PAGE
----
Updated November 13, 2011

Written or reviewed by a board-certified physician. See About.com's Medical Review Board.

Treatments for pulmonary hypertension require a careful search for an underlying cause. In most cases, treating the underlying cause is the best way to slow or halt the progression of pulmonary hypertension.

Baseline Assessment

Once the underlying cause is identified, your doctor will need to assess how severe your pulmonary hypertension is. This is usually done by performing an echocardiogram, which will provide an estimate of your pulmonary artery pressure, and an exercise test to measure your baseline functional capacity. This baseline assessment will help your doctors to decide how aggressive to be with treatment, and to measure how well you respond to it.

Treatment Aimed at the Underlying Medical Condition

It is likely that aggressively treating the underlying cause of your pulmonary hypertension will be the most critical part of your treatment. It is important for you to learn as much as you can about the medical disorder that is producing your pulmonary hypertension, so you can partner with your doctors in deciding on the best possible therapy. Following the links provided in this discussion of the causes of pulmonary hypertension will get you started.

Treatments Often Useful for Anyone With Pulmonary Hypertension

In addition to therapy aimed specifically at treating the underlying cause, there are treatments that are used more generally in many patients with pulmonary hypertension. These include:
  • Diuretics such as Lasix or Bumex are often used to treat the fluid retention that frequently occurs with pulmonary hypertension. While diuretics can improve shortness of breath and edema (swelling), they must be used carefully since getting rid of too much fluid in patients with pulmonary hypertension can worsen cardiac function.

  • Oxygen therapy is important in anyone with pulmonary hypertension who has hypoxemia (reduced blood oxygen levels). When hypoxemia is present, administering oxygen can often directly reduce pulmonary artery pressures. Patients whose pulmonary hypertension is caused by lung diseases or cardiac diseases are especially likely to have hypoxemia, but anyone with pulmonary hypertension should have their blood oxygen levels checked.

  • Anticoagulants such as Coumadin are often used in patients with pulmonary hypertension. This is because the pulmonary hypertension itself can result in sluggish blood flow through the pulmonary circulation, which can lead to clotting within the blood vessels in the lungs.

  • Digoxin can improve cardiac function in some patients with pulmonary hypertension.

  • Exercise has been shown to significantly improve the functional capacity of people with pulmonary hypertension. Doctors may overlook this very useful aspect of therapy, so be sure to bring it up to your doctor and ask for specific instruction on exercise that is safe for you.

Advanced Therapy

"Advanced therapy" for pulmonary hypertension is aimed at the pulmonary hypertension itself, rather than the underlying cause. Advanced therapy is called "advanced" not because it is more effective than the more general therapies, but because it is complex, relatively risky, very expensive, and often inconvenient (for instance, it may require intravenous therapy). Advanced therapy should only be administered by physicians who are expert in treating pulmonary hypertension.

Your doctor may consider advanced therapy if you have severe pulmonary hypertension that has not adequately responded to treatment aimed at the underlying cause, or, especially, if no underlying cause has been identified (that is, if you have primary pulmonary hypertension).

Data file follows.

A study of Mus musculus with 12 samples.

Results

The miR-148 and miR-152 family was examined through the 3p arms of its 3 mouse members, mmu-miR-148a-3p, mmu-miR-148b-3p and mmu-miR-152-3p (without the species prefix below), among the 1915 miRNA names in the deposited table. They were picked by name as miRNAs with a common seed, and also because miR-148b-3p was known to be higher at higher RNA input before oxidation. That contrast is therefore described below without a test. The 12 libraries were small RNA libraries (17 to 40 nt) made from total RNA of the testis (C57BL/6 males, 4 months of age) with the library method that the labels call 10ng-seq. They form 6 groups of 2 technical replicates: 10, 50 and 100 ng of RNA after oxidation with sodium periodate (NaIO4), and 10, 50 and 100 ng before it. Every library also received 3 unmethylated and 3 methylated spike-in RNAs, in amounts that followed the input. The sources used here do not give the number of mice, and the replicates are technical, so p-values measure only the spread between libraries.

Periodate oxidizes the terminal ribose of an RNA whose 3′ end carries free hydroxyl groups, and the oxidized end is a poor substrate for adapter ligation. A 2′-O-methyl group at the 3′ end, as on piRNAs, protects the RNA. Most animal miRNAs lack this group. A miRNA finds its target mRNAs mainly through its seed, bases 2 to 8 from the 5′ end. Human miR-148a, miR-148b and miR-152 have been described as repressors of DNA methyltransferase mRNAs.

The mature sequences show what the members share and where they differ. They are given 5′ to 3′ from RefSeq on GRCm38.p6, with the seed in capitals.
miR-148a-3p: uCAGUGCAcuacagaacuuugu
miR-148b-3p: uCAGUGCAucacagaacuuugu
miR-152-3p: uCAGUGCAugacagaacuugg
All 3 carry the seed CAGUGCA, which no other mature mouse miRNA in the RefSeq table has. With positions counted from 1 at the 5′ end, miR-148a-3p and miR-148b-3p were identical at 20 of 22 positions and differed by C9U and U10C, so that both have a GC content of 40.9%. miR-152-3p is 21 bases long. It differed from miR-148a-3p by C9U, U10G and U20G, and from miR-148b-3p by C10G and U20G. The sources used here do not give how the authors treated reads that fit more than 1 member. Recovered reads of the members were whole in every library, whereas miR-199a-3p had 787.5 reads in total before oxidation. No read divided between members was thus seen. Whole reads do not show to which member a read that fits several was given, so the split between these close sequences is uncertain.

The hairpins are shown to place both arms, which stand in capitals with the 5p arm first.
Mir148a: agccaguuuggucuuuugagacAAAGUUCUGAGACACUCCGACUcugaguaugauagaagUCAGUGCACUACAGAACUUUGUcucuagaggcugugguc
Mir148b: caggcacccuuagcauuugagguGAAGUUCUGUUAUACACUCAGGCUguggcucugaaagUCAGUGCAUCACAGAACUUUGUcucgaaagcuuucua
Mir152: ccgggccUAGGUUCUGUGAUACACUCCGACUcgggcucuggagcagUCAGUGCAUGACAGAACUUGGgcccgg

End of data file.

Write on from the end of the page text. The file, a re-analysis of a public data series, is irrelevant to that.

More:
Advanced therapy will probably not be considered at all if you have pulmonary hypertension due to underlying heart disease (where advanced therapy has been shown to be more likely to cause harm), or to lung disease (where there is a lack of data showing benefit).

If your doctor has recommended advanced therapy, you will need to have a specialized cardiac catheterization study aimed at assessing the "vasoreactivity" of your pulmonary circulation. That is, during the test you will be given drugs, such as adenosine, to assess whether your pulmonary blood vessels are capable of dilating. If your pulmonary blood vessels can be dilated (that is, they are "vasoreactive"), certain types of advanced therapy are more likely to be effective.

Many drugs have been developed for treating pulmonary hypertension, including:

  • Calcium channel blockers such as diltiazem and nifedipine
  • Prostanoids such as epoprostenol (Flolan), treprostinil (Remodulin) and iloprost (Ventavis)
  • Endothelin receptor antagonists such as bosentan (Tracleer) and ambrisentan (Letaris)
  • PDE5 inhibitors such as sildenafil (Viagra), tadalafil (Cialis), and vardenafil (Levitra)
This long list makes the process of selecting the "best" drug - or the "best" combination of drugs - exceedingly complex. Several factors have to be taken into consideration in making this selection, including the underlying disease, the severity of your pulmonary hypertension, your degree of vasoreactivity, which drugs are covered by your medical insurance, and the likely side effects. Again, it is important that only experts in treating pulmonary hypertension direct this advanced therapy.


Obviously, the optimal treatment for pulmonary hypertension can be difficult and complex. Patients with pulmonary hypertension do best who form a working partnership with their doctors. It is important that you take as active a role as possible in deciding on therapy, carefully observing and reporting the status of your own symptoms and functional capacity, and following your treatment regimen very closely.


Galie, N, Hoeper, MM, Humbert, M, et al. Guidelines for the diagnosis and treatment of pulmonary hypertension. Eur Respir J 2009; 34:1219.